Infections - Cornea & Conjunctiva


Conjunctivitis Bacterial Viral Allergic
  • What is conjunctivitis?
    • Commonly known as Pink Eye, conjunctivitis is an infection of the conjunctiva (the inside of the eyelid). It can be caused by bacteria, virus or allergies (see the Allergy section)
  • Signs and symptoms:
    • Red, irritated, watery eyes with a burning and scratchy feeling. May have pus or watery discharge.
  • Preventing the spread of the infection:
    • Pink Eye spreads very easily. Wash hands before and after using the medicine in your eye. Wash any clothes, towels, pillow cases touched by the infected eye. Avoid sharing cosmetics.
  • Treatment:
    • See your eye care specialist.
    • Usually an antibiotic will be selected by your eye care specialist

Corneal Foreign Body

Foreign body on the cornea
Bacterial Keratitis (Corneal Ulcer)
Bacterial Corneal Ulcer Red eyeBacterial Keratitis
  • What is bacterial Keratitis (Corneal ulcer)?
    • A corneal ulcer is an infection of the cornea by bacteria, viruses or fungi. Two of the common causes are: Abrasion of the cornea with foreign bodies and poor hygiene of contact lenses (especially if worn overnight).
  • Signs and symptoms
    • Eye pain, redness, itching and burning, white patch on the cornea, increased tearing, sensitivity to light (photophobia).
  • Preventing the spread of the infection
    • Early attention by an ophthalmologist or optometrist to any eye infection might prevent the ulceration and further injury to the cornea. An untreated corneal ulcer can permanently damage the cornea. It might also perforate the eye, resulting in a spread of infection, increasing the risk of permanent visual impairment.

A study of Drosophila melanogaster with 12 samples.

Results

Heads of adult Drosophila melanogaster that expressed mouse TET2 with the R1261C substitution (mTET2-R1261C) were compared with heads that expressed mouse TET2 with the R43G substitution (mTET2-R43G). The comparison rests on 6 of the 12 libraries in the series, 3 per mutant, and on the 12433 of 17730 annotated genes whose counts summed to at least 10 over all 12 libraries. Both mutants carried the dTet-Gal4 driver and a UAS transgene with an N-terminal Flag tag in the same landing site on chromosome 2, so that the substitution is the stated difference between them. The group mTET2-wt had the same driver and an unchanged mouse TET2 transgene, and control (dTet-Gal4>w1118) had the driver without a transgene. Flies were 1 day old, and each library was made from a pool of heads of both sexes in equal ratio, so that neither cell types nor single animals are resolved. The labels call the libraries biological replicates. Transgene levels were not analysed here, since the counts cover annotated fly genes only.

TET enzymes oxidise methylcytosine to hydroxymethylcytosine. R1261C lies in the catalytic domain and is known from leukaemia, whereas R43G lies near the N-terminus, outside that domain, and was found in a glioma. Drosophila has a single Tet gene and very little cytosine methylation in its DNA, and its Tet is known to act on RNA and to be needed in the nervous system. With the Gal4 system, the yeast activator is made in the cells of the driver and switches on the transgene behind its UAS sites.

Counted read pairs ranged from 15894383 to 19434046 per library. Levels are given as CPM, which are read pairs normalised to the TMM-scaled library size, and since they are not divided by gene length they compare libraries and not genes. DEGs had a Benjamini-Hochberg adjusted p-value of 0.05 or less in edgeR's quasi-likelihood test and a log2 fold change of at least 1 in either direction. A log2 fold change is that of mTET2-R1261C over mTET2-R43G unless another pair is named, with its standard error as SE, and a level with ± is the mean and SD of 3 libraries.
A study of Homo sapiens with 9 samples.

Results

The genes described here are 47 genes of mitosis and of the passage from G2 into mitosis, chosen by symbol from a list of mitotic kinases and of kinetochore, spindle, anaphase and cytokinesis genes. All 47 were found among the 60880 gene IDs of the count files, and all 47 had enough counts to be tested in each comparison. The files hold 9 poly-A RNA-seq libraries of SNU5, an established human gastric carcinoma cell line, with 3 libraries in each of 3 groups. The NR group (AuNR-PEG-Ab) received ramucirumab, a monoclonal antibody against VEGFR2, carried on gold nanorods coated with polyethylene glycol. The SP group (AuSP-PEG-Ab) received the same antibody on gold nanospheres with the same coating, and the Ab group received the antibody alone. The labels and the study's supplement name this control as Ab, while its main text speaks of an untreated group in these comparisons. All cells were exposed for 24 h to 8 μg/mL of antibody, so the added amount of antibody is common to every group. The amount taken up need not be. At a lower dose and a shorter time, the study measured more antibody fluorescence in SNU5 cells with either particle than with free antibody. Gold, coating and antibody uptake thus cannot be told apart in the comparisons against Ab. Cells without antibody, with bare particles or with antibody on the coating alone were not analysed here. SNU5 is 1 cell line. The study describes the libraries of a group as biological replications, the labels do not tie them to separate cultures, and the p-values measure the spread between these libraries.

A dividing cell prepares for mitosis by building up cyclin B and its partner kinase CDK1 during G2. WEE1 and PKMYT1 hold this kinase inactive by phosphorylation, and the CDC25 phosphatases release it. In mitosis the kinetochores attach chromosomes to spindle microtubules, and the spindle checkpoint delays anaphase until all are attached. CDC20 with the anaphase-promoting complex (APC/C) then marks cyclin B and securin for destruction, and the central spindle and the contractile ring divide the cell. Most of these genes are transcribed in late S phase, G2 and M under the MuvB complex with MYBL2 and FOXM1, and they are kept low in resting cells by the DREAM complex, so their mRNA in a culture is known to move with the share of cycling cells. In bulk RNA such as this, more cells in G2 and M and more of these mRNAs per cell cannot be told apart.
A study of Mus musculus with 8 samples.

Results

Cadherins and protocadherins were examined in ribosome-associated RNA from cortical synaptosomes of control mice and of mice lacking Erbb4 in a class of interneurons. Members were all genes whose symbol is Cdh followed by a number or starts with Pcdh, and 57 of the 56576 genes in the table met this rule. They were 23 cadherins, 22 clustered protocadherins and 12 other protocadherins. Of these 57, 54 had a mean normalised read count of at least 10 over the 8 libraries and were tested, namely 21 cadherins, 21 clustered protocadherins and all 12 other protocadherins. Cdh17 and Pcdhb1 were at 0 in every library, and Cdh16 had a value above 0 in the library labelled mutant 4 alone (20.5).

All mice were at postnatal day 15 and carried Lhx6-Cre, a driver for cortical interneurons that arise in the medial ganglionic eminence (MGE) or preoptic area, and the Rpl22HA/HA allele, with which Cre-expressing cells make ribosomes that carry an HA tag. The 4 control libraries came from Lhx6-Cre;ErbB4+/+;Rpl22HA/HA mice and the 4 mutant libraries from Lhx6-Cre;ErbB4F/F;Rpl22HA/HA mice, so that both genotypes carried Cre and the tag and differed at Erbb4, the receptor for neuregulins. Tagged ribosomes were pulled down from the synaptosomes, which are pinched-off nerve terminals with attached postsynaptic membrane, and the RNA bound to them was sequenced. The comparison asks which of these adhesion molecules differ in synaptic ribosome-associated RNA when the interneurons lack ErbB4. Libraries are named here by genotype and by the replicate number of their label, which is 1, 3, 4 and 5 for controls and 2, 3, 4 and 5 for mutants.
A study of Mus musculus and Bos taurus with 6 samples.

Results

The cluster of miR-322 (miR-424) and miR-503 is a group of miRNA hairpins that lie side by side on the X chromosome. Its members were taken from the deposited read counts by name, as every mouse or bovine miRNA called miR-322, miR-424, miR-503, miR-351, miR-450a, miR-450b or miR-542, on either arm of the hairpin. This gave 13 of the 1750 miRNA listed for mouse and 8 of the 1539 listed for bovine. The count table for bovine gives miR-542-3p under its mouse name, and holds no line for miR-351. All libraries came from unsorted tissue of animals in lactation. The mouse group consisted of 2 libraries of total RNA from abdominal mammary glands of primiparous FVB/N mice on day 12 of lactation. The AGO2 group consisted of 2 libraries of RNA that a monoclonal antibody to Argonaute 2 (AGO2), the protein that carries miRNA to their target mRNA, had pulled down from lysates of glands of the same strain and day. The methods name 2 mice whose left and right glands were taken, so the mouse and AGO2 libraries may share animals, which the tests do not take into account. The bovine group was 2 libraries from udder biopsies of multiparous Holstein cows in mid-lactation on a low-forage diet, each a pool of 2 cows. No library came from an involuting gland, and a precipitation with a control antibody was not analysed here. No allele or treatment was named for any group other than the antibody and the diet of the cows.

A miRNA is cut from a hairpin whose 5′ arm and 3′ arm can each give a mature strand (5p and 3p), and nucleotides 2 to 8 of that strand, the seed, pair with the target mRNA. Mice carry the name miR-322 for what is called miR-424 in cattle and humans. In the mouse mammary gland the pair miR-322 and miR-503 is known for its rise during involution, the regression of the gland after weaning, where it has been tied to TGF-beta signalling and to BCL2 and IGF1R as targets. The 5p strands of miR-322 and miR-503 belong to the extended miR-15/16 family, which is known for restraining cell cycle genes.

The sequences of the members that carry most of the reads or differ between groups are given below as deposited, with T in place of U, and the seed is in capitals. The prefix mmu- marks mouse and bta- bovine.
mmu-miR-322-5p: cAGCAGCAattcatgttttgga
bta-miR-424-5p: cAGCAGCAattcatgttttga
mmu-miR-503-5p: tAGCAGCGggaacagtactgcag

• Treatment
    • See your eye care specialist.
    • Usually an antibiotic will be selected by your eye care specialist


Chlamydial & Gonococcal Conjunctivitis


Chlamidial Conjunctivitis




What is Chlamydial conjunctivitis?

    • An infection of the inner lid which typically affects sexually active teens and young adults. Chlamydia is considered one of the major sexually transmitted pathogens. Women seem to be more susceptible than men. This infection also affects infants whose mothers have untreated chlamydial conjunctivitis The incidence of infection seems to be directly related to sexual activity.
  • Sign and symptoms
    • Persistent eye infection (3 weeks or more) with common mucus discharge.
    • Systemically, signs and symptoms might include a history of vaginitis, pelvic inflammatory disease or urethritis.
    • Ocular signs and symptoms include the chief complaint that an eye infection has persisted for over three weeks despite treatment with topical antibiotics. Mucus discharge is common.
  • What is Gonococcal conjunctivitis?
    • Also a sexually transmitted ocular disease. Even casual interaction with infected individuals has been reported as a cause. Newborn infants might acquire the infection by passing through an infected birth canal. This is a very contagious ocular disease.
  • Signs and symptoms
    • Red eye with foreign body sensation. The eye might be shut with substantial pus discharge. The incubation period is generally two to seven days.
  • Preventing the spread of the infection
    • The transmission to the eye can result from hand contact from a site of genital infection to the eye. Infected pregnant mothers can infect the newborn. Avoid sharing cosmetics.
  • Treatment
    • See your eye care specialist
    • Usually an antibiotic will be selected by your eye care specialist.